Brazen thief steals Botero statue from France’s most guarded street

French police are hunting a daring art thief who stole a bronze statue worth nearly half a million euros from a gallery within yards of the presidential palace in Paris.

Brazen thief steals Botero statue from France's most guarded street
A sculpture by Colombian artist Botero on the Champs-Elysées. NOT the one stolen! Photo: AFP

The thief simply walked into the gallery and helped himself to the statue of a mother and child by the Colombian artist Fernando Botero.

He then coolly walked unchallenged down one of the most closely guarded streets in France, home to the British and Japanese embassies as well as French President Emmanuel Macron's official residence, the Elysee palace.

Security around the Elysee has been heightened as a part of France's state of emergency after the country was hit by a series of terror attacks over last two years.

The gallery is also almost opposite the interior ministry, which is in charge of security and the police.

According security camera footage, the bearded thief caressed the 10-kilo (22-pound) statue of typically fleshy Botero figures, then looked around him before taking the statue from its plinth and discreetly making an exit.

No alarms were set off.

Staff at the Bartoux gallery only realised it was gone when the gallery closed on Saturday evening, police said.

Botero, 85, is Latin America's best known living artist, and is renowned for his slightly surreal and often comic fat figures, which have made his paintings hugely popular across the globe.

The stolen sculpture, which is worth at least 425,000 euros ($491,000), is one of eight made by the artist, all of different sizes.

Botero, who divides his time between Paris and Italy, could not be contacted.

“It's really a nightmare, we hope to get it back” staff at the gallery told French media.

CRIME

French court convicts 8 for stealing Banksy from Paris terror attack site

A French court on Thursday convicted eight men for the theft and handling of a Banksy painting paying homage to the victims of the 2015 attack on the Bataclan concert hall in Paris.

French court convicts 8 for stealing Banksy from Paris terror attack site

Three men in their 30s who admitted to the 2019 theft were given prison sentences, one of four years and two of three, although they will be able to serve them wearing electronic tracking bracelets rather than behind bars.

Another man, a 41-year-old millionaire lottery winner and street art fan accused of being the mastermind of the heist, was given three years in jail for handling stolen goods after judges found the main allegation unproven. His sentence will also be served with a bracelet.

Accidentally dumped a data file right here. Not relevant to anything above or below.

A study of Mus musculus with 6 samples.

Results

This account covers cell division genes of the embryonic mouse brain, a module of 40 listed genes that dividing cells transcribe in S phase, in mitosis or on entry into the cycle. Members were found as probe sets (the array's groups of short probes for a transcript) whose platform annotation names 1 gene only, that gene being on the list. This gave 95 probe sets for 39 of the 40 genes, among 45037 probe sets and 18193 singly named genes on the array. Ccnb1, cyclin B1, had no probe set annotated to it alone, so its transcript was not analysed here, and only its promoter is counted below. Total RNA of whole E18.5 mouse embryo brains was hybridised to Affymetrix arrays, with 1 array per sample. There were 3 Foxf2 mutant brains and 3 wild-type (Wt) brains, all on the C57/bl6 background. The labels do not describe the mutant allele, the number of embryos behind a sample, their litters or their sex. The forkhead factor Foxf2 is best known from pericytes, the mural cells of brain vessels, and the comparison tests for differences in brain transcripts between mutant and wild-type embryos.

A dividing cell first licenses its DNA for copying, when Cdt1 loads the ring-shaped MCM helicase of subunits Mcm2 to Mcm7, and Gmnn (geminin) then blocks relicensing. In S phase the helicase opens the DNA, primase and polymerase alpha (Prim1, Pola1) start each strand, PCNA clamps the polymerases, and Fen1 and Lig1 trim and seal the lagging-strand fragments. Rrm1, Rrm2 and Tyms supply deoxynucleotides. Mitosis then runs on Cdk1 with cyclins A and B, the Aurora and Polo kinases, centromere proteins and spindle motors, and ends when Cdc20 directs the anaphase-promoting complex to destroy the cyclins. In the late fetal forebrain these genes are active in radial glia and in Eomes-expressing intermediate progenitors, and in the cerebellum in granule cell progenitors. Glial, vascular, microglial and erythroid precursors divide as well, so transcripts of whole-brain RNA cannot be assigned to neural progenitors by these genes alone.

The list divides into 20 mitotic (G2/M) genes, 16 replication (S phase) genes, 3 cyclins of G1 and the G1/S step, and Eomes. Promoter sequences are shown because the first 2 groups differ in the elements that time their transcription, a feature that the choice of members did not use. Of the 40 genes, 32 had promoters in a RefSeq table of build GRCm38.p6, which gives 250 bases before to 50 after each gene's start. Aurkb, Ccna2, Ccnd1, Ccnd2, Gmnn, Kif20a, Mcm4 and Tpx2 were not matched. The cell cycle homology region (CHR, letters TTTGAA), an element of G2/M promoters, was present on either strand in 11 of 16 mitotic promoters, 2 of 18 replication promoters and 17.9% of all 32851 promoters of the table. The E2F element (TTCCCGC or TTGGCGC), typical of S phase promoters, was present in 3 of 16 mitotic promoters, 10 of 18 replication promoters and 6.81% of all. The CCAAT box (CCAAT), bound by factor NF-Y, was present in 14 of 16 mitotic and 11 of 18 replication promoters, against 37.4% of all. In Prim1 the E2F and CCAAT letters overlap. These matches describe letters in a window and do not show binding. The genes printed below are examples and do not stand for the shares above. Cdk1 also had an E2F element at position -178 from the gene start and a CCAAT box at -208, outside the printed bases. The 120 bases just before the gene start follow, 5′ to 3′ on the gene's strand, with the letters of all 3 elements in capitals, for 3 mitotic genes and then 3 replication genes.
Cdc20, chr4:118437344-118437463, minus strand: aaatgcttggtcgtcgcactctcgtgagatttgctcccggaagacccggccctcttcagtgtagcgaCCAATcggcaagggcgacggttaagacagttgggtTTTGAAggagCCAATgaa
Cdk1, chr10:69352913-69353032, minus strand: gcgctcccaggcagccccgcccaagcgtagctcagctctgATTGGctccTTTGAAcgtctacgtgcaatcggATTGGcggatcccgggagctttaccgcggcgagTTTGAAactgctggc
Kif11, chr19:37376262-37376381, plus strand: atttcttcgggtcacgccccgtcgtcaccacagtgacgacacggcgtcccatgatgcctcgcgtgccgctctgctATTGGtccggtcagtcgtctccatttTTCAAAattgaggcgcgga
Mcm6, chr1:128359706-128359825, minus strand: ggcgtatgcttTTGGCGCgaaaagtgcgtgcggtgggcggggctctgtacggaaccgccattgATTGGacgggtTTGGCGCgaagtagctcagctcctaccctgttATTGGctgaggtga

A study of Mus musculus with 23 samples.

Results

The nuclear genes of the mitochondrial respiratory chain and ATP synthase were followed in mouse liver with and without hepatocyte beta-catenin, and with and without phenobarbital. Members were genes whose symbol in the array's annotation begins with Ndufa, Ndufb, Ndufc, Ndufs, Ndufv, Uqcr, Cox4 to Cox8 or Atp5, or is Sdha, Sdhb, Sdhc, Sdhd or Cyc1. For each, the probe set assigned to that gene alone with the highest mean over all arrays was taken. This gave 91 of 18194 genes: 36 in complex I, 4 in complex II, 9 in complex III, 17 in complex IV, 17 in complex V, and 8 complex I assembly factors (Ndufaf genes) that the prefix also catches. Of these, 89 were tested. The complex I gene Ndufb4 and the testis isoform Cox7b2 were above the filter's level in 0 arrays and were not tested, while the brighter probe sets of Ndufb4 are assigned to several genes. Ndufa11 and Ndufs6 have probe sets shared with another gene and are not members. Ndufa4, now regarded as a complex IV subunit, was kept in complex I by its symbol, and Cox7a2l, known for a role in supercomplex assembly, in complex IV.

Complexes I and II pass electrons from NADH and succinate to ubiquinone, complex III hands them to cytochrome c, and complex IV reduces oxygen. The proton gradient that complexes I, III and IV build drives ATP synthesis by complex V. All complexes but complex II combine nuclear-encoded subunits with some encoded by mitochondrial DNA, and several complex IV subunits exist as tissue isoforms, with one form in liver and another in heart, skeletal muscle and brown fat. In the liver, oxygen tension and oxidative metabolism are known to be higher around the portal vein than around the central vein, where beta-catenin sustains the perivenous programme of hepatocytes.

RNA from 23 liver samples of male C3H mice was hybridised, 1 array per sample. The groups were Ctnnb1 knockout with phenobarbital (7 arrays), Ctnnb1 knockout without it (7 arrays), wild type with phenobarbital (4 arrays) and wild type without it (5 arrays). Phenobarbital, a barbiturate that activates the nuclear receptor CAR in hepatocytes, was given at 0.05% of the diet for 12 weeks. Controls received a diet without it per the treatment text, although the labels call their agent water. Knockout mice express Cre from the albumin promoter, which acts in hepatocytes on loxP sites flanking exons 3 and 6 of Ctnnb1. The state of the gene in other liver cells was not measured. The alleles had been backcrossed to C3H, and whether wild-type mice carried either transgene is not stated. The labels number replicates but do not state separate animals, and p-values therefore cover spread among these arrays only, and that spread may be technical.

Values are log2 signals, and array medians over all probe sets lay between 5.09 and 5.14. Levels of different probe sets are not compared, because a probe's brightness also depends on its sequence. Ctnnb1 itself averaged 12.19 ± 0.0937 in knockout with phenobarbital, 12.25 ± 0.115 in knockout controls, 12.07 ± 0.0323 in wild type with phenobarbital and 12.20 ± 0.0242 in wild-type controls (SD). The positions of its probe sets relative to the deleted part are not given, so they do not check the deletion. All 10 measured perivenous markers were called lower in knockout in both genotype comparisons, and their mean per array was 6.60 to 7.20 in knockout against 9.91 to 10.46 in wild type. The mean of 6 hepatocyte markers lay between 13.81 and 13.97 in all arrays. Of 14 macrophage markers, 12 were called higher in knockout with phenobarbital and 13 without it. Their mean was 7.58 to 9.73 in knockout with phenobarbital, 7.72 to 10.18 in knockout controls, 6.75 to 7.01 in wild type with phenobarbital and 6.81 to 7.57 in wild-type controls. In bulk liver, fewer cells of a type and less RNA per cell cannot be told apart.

Elsewhere in the capital, the defence was making its final arguments in the trial of the surviving suspects in the 2015 Paris attacks themselves, with a verdict expected on June 29.

‘Acted like vultures’ 

British street artist Banksy painted his “sad girl” stencil on the metal door of the Bataclan in memory of the 90 people killed there on November 13th, 2015.

A white van with concealed number-plates was seen stopping on January 26, 2019 in an alleyway running alongside the central Paris music venue.

Many concertgoers fled via the same alley when the Bataclan became the focal point of France’s worst ever attacks since World War II, as Islamic State group jihadists killed 130 people at a string of sites across the capital.

On the morning of the theft, three masked men climbed out of the van, cut the hinges with angle grinders powered by a generator and left within 10 minutes, in what an investigating judge called a “meticulously prepared” heist.

Prosecutor Valerie Cadignan told the court earlier this month that the perpetrators had not sought to debase the memory of the attack victims, but “being aware of the priceless value of the door were looking to make a profit”.

She said the thieves “acted like vultures, like people who steal objects without any respect for what they might represent”.

During the trial, Bataclan staff said the theft sparked “deep indignation”, adding that the painted door was a “symbol of remembrance that belongs to everyone, locals, Parisians, citizens of the world”.

Investigators pieced together the door’s route across France and into Italy, where it was found in June 2020 on a farm in Sant’Omero, near the Adriatic coast.

Three men involved in transporting the door were each jailed for 10 months, while a 58-year-old Italian man who owns a hotel where it was temporarily stored received a six-month suspended sentence.